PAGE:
Observing the northern lights, also known as the aurora borealis, has become one of the most popular goals for tourist travel in recent years. Scientists predict that 2024 may be the most favorable year for this phenomenon in the past 20 years.
According to National Geographic, experts forecast that in 2024, there will be an increased visibility of the northern lights in regions where they are not typically observed. This is due to the Sun reaching the peak of its approximately 11-year cycle, known as the “solar maximum,” during which solar activity is at its highest. Professor and researcher Don Hampton from the Geophysical Institute at the University of Alaska in Fairbanks explains that the northern lights appear in the area around the Earth’s magnetic pole, known as the “auroral oval” or “auroral zone.” However, this area constantly shifts and fluctuates depending on the strength of the solar wind—a stream of charged particles from the solar atmosphere that can be intensified by storms. During the solar maximum, experts expect episodes of increased activity in the auroral zone.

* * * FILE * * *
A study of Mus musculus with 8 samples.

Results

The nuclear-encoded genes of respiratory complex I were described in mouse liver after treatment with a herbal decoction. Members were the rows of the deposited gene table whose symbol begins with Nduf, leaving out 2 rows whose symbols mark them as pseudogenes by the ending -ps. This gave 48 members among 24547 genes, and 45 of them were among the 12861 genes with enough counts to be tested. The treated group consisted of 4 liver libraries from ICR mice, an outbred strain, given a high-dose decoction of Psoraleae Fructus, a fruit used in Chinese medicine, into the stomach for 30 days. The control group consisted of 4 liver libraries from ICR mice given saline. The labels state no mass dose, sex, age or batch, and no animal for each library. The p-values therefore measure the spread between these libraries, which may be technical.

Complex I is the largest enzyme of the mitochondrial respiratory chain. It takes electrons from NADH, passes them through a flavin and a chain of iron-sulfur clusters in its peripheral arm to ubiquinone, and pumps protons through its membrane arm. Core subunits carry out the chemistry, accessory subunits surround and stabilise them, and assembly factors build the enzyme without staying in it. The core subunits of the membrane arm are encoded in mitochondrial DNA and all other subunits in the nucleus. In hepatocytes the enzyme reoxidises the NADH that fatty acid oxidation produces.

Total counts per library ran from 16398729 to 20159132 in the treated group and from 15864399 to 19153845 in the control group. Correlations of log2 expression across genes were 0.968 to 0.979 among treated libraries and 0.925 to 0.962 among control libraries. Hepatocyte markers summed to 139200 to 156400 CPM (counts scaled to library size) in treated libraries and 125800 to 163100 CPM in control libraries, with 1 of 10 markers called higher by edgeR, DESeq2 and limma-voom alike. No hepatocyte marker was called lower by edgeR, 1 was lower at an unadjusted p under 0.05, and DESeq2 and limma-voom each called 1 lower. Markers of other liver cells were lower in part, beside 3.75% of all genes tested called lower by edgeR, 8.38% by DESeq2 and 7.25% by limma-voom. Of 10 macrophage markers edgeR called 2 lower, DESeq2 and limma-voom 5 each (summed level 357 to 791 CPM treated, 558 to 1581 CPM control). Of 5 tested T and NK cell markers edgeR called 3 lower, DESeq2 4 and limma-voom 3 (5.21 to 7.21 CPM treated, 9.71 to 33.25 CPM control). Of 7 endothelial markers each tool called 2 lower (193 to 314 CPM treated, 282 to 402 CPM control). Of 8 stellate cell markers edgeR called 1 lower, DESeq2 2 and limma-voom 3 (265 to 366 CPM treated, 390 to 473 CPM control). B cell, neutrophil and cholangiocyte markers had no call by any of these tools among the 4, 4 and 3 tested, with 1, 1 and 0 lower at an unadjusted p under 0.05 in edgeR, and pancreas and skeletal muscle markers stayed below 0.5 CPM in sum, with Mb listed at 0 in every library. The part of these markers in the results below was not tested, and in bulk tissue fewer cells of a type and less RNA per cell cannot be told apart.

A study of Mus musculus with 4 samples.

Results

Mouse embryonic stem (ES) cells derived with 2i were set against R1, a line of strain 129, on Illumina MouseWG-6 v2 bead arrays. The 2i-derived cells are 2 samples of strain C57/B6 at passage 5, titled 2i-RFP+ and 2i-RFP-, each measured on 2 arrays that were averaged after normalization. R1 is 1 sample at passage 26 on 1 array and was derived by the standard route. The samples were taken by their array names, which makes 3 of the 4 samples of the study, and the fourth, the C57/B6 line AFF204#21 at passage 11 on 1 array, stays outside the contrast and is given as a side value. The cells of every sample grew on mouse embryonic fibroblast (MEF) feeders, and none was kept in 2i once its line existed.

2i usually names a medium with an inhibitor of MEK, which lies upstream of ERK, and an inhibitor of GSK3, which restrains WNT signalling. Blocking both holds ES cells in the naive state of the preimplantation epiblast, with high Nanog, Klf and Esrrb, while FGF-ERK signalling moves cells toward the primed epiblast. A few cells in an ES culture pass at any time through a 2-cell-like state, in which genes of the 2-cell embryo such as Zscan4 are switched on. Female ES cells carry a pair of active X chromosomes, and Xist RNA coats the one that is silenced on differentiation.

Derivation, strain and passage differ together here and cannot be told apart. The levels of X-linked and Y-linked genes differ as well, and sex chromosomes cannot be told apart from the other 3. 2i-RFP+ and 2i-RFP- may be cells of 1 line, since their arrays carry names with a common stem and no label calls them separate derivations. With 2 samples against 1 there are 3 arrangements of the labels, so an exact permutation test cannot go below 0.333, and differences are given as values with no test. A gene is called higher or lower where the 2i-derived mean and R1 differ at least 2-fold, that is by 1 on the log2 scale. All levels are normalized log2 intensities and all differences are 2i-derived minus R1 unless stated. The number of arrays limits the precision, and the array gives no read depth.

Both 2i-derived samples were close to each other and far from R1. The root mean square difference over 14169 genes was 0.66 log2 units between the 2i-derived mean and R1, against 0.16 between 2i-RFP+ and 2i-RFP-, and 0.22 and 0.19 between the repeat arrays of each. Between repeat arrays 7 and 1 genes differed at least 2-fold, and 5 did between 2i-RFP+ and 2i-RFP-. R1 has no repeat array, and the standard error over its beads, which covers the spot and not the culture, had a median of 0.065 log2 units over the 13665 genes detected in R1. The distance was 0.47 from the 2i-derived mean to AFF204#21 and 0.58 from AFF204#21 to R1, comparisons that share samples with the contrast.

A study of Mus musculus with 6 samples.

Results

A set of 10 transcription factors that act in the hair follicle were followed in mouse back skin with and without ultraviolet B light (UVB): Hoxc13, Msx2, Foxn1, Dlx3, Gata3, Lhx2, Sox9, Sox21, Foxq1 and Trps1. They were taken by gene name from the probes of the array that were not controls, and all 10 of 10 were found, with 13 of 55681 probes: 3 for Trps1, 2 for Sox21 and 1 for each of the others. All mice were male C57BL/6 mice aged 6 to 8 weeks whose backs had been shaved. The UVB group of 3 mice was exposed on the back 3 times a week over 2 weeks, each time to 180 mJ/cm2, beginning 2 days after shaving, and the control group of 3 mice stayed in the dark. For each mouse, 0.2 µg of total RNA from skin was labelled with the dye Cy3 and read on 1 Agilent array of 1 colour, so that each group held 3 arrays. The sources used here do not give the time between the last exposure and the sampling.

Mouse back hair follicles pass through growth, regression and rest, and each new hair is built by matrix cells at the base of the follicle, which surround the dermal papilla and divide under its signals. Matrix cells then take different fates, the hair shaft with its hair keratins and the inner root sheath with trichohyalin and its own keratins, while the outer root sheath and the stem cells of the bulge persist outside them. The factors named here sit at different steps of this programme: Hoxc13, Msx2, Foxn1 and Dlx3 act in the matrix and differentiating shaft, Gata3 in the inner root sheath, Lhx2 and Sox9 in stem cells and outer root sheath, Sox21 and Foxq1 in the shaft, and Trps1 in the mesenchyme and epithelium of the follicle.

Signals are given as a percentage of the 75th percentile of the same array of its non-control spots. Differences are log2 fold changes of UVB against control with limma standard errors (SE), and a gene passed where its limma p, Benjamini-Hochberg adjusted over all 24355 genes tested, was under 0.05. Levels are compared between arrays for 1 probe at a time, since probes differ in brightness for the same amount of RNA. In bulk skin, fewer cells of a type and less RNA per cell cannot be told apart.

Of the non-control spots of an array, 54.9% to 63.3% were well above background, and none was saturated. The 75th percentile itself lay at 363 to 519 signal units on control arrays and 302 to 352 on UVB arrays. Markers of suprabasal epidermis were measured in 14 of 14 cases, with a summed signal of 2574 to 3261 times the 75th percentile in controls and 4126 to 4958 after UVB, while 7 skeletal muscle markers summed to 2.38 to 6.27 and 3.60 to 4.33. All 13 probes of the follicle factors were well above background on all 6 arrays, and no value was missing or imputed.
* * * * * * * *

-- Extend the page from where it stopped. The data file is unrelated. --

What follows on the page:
Scientists caution that when choosing a location for observing the northern lights, factors such as cloud cover and light pollution (more challenging to see near large illuminated cities than in remote areas) should be taken into account.
Forecasting programs for the aurora, such as the Space Weather Prediction Center of NOAA, Aurora Alerts, and My Aurora Forecast & Alerts, can assist “hunters” in predicting when and how far south the auroral oval extends after solar activity. Typically, the northern lights are most frequently observed around the March and September equinoxes, according to Magnus Wijk, a space weather scientist from the Swedish Institute of Space Physics.
To avoid artificial light pollution, DarkSky.org is a useful resource, providing information about dark sky locations worldwide.
Additionally, choosing the right direction to look in anticipation of the northern lights is crucial for a rewarding experience.